Parashat Hashavuah: Seeing the Bow

Harav Yosef Carmel

In the aftermath of the great flood, Hashem informed Noach of a covenant (brit) with the world in which He promised no more floods of this scope. He also told Noach about a sign of the covenant, the rainbow, which, according to the simple reading of the p’sukim, Hashem is supposed to see and be reminded to keep His promise (Bereishit 9: 8-17). The simple reading raises many questions, of which we will focus on a few. A rainbow is a natural phenomenon that occurs when water particles refract rays of light. Since this phenomenon presumably existed before the flood (see Ramban’s commentary), what is its point? Why does Hashem need a reminder? Why does the Torah stress (twice) seeing the rainbow?

Before we present a thesis, let us note a few more things. Usually covenants include two sides’ mutual commitments, yet here we are aware only of Hashem’s commitment. It is also not clear who the other side is. While we would think it is Noach, representing mankind, the Torah stresses (four times) “kol basar” (all flesh). When the Torah said that Hashem “saw that all flesh was corrupted” (Bereishit 6:11-12), Rashi says that it refers to the animal kingdom (regarding their inter-species relations). The overlap of the term kol basar and the idea of seeing links the two narratives.

The idea of seeing is stressed again in the next story. Noach became intoxicated and was lying undressed in his tent. His son, Cham, saw and did something for which his father cursed him. The main approach in Chazal is that Cham committed sodomy on his father. In contrast to him, his brothers came in to cover Noach without seeing his nakedness (ibid. 8: 20-24). We see that the difference between being fit to properly rebuild the world and not, depends on how one sees and is seen.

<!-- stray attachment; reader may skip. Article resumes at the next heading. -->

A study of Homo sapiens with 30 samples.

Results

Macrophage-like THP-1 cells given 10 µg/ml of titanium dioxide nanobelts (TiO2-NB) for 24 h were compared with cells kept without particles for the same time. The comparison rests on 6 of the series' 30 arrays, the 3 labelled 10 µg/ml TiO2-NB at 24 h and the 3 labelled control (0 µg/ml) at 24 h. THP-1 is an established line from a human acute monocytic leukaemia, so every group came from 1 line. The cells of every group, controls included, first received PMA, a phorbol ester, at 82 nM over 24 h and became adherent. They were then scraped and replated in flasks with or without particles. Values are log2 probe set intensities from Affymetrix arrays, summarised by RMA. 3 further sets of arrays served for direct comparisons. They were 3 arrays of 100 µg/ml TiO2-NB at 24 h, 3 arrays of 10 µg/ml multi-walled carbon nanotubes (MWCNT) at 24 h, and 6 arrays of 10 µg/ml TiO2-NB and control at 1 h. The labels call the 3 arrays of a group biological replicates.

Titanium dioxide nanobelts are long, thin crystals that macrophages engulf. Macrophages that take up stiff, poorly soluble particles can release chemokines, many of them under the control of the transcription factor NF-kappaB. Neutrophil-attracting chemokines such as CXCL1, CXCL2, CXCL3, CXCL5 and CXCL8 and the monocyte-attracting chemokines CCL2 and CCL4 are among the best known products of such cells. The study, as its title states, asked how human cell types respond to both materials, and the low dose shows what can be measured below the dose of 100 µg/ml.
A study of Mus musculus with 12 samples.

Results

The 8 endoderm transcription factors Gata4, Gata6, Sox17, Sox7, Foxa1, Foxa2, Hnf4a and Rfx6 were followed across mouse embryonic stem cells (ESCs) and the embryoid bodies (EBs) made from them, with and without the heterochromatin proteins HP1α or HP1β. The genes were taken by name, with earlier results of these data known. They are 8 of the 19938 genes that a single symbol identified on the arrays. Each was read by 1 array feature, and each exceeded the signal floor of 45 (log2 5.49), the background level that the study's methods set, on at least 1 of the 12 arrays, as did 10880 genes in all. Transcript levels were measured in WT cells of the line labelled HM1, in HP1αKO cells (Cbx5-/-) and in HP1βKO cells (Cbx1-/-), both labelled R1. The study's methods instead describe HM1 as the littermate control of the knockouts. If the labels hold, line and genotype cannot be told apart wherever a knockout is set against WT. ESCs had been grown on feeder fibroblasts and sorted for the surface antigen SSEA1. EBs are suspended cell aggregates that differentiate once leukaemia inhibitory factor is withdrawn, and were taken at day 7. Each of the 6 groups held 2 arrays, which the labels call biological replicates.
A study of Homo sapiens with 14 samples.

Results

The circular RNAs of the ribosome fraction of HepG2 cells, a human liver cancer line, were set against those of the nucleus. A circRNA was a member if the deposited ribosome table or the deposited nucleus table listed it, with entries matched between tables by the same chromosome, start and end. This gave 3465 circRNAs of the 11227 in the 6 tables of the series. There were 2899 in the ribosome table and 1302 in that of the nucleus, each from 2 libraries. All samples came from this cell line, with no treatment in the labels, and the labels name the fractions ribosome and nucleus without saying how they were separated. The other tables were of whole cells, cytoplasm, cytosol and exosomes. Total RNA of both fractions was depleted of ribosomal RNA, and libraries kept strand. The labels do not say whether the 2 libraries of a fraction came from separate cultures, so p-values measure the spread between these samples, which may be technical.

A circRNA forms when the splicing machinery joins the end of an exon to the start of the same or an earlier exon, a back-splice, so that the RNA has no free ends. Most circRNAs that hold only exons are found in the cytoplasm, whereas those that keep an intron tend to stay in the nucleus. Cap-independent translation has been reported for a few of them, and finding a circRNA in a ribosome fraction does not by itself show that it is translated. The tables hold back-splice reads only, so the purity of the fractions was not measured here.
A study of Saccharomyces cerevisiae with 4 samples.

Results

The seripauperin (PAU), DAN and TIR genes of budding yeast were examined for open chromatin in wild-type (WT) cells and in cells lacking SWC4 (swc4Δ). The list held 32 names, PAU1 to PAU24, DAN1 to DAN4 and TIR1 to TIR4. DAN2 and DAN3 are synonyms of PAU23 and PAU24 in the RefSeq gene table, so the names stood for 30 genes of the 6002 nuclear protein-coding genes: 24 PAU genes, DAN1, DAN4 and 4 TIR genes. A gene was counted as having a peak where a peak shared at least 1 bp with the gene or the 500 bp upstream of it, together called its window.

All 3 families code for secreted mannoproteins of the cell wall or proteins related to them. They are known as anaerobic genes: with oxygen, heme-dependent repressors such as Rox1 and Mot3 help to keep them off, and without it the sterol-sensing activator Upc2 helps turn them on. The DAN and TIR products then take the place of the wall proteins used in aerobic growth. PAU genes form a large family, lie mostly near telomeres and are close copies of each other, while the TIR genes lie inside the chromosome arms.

When describing incest, the Torah sometimes refers to it as “seeing her nakedness” (Vayikra 20:17; see also Eicha 1:8). This is also the source for the aforementioned assumption that the sin that Cham committed had to do with illicit intimacy, in this case, with another male and a father. The word keshet (bow), which can refer to a rainbow or the bow of a bow and arrow also has special significance in this context. Yaakov said about Yosef, “His bow was firmly emplaced” (Bereishit 49:24) to hint that he did not allow himself to be seduced by Potiphar’s wife.

Putting all our observations together we come up with the following. The idea of the rainbow was not that it was created for the brit. Rather it represented that the inhabitants of the world accepted, as their part in the covenant, to rein in the rampant tendency toward illicit relations that existed before the flood. Thus, it is not a new phenomenon or a reminder to Hashem, who does not forget. Rather it forms the basis for what the world needs to know is a basic foundation of the covenant with Hashem that ensures their survival. Certainly one does not choose a “partner” who is already married to another man, who is of the same gender, or is a close relative. When Cham broke this part of the covenant, there was a need for an updating of the covenant, whereby Hashem forged a special relationship with Avraham, as we will discuss next week.